Jennifer is a senior at Richmond High School. Just a few weeks ago, she put on a sparkly pink dress and went to prom -- a quintessential high school experience.
But most of the time, Jennifer feels much, much older. She remembers a happy childhood with her older brothers and her parents. There were trips to Toys "R" Us, a comfortable home, and a lot of love.
But her life started changing when her father’s construction company hit hard times. The family lost their home. And her parents had nowhere to turn for help. They’re both undocumented. That’s why we’re only using Jennifer’s first name for this story.
Things got even worse, Jennifer says, during her sophomore year, when one day, their landlord pulled up to their house. She shared her story as as part of KQED's Youth Takeover Week.
"He has white hair, blue eyes and a white, bushy mustache and he walked up to me and said 'hey could you like call out your mom,'" Jennifer remembers.
The landlord told Jennifer's mother that he was no longer interested in renting his house to them. He was going to sell the house and told the family they had three months to leave. If they weren't out in three months, the landlord said he'd call the sheriff.
Jennifer was stunned. "I felt the world go silent in my head. All these thoughts kind of flashed through, like 'what’re we going to do? Where are we going to go?'"
Two weeks later, the landlord returned with a proposal: If Jennifer's father fixed up the house for free, the family could live in the garage behind the house.
But this wasn't a generous offer. Jennifer says the garage was basically uninhabitable.
"The floor was kind of this old concrete. It was like a dark-gray brown color," Jennifer recalls. "No matter how much you washed it, it wouldn’t go away. I would usually take turns either sleeping on the old mattress that was there, or I slept on the concrete floor that was piled on with a bunch of blankets. Even though there was like many blankets you could still feel the hard floor on your back. Since there was no electricity or no actual windows you didn't know the time of day. It was so dark that if you would extend your hand out and just stare at it, you couldn't even see the outline of your hand."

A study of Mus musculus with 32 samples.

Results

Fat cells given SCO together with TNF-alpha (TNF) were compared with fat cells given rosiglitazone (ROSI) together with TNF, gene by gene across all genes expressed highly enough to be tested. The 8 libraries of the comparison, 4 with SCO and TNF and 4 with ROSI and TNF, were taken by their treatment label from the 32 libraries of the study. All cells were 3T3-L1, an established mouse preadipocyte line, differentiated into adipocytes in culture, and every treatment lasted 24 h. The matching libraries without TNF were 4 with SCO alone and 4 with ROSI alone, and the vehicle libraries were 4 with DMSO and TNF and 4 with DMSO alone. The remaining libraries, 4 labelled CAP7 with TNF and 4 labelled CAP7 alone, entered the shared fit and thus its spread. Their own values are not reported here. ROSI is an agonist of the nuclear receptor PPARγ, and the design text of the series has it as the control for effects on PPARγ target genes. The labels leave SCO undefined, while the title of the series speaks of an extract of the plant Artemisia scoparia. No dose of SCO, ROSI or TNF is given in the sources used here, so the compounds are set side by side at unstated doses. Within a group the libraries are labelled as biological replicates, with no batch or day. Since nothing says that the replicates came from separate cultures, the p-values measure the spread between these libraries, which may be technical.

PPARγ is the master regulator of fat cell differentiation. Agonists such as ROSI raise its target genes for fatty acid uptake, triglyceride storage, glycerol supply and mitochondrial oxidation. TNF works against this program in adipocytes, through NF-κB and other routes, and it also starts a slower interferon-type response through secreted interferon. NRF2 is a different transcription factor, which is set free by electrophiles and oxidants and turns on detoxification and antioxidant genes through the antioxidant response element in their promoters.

While living in the garage, Jennifer's grades dropped significantly. She even failed a couple of semesters. She was also ashamed of her living situation, and that was getting to her. She was starting to spiral into depression.
"I was scared that people wouldn't understand or would just like tease me for it. I would stare at people and just see how they would smile and laugh and just like not have like a single care in the world. And I was just like, 'Why was it me that had to deal with all this?'"
And then, when it felt like things couldn't get worse, Jennifer's mom was hospitalized with septicemia.
"Septicemia is a condition where there is an infection somewhere in your body that is not treated," Jennifer explains. "So that infection starts spreading out and gets even more serious when it gets into your bloodstream."
Her mother going to the hospital hit Jennifer hard.
"I thought she wasn't going to make it. Like all of these ideas just started flashing through my head like, 'This could be like the last time I see her.'"
At the same time, her father slowly started to drift away from the family.
"He would stay out long nights, like drinking, trying to cope with the situation," Jennifer says. "And that just kind of led me into like a deeper depression."
Jennifer and her family endured living in the garage behind their old house for nearly two years. But early in the morning one day, they got a call. Their application to rent a beautiful three-bedroom house was accepted.
These days, Jennifer’s taking online courses to make up for the classes she failed a few years back. If she passes them, she’ll graduate high school in June. Her mother's health is much better now, and her father is a big part of their family again. In the future, she says, she wants to be a journalist, an animator or a property owner -- so she can give folks like her family a place to live, she explains.
Reflecting on the years living in the garage, Jennifer says she has learned a lot of lessons. One, she says, is to always stay positive toward people, no matter how they treat you. Another lesson is to not take things for granted. Especially family.
"I’m grateful for the family I have. Because no matter the situation that happened or the things that we went through, we stayed together in a way." she says. "Yeah, they can’t give you everything in the world, but they wish they could. And that’s what’s important."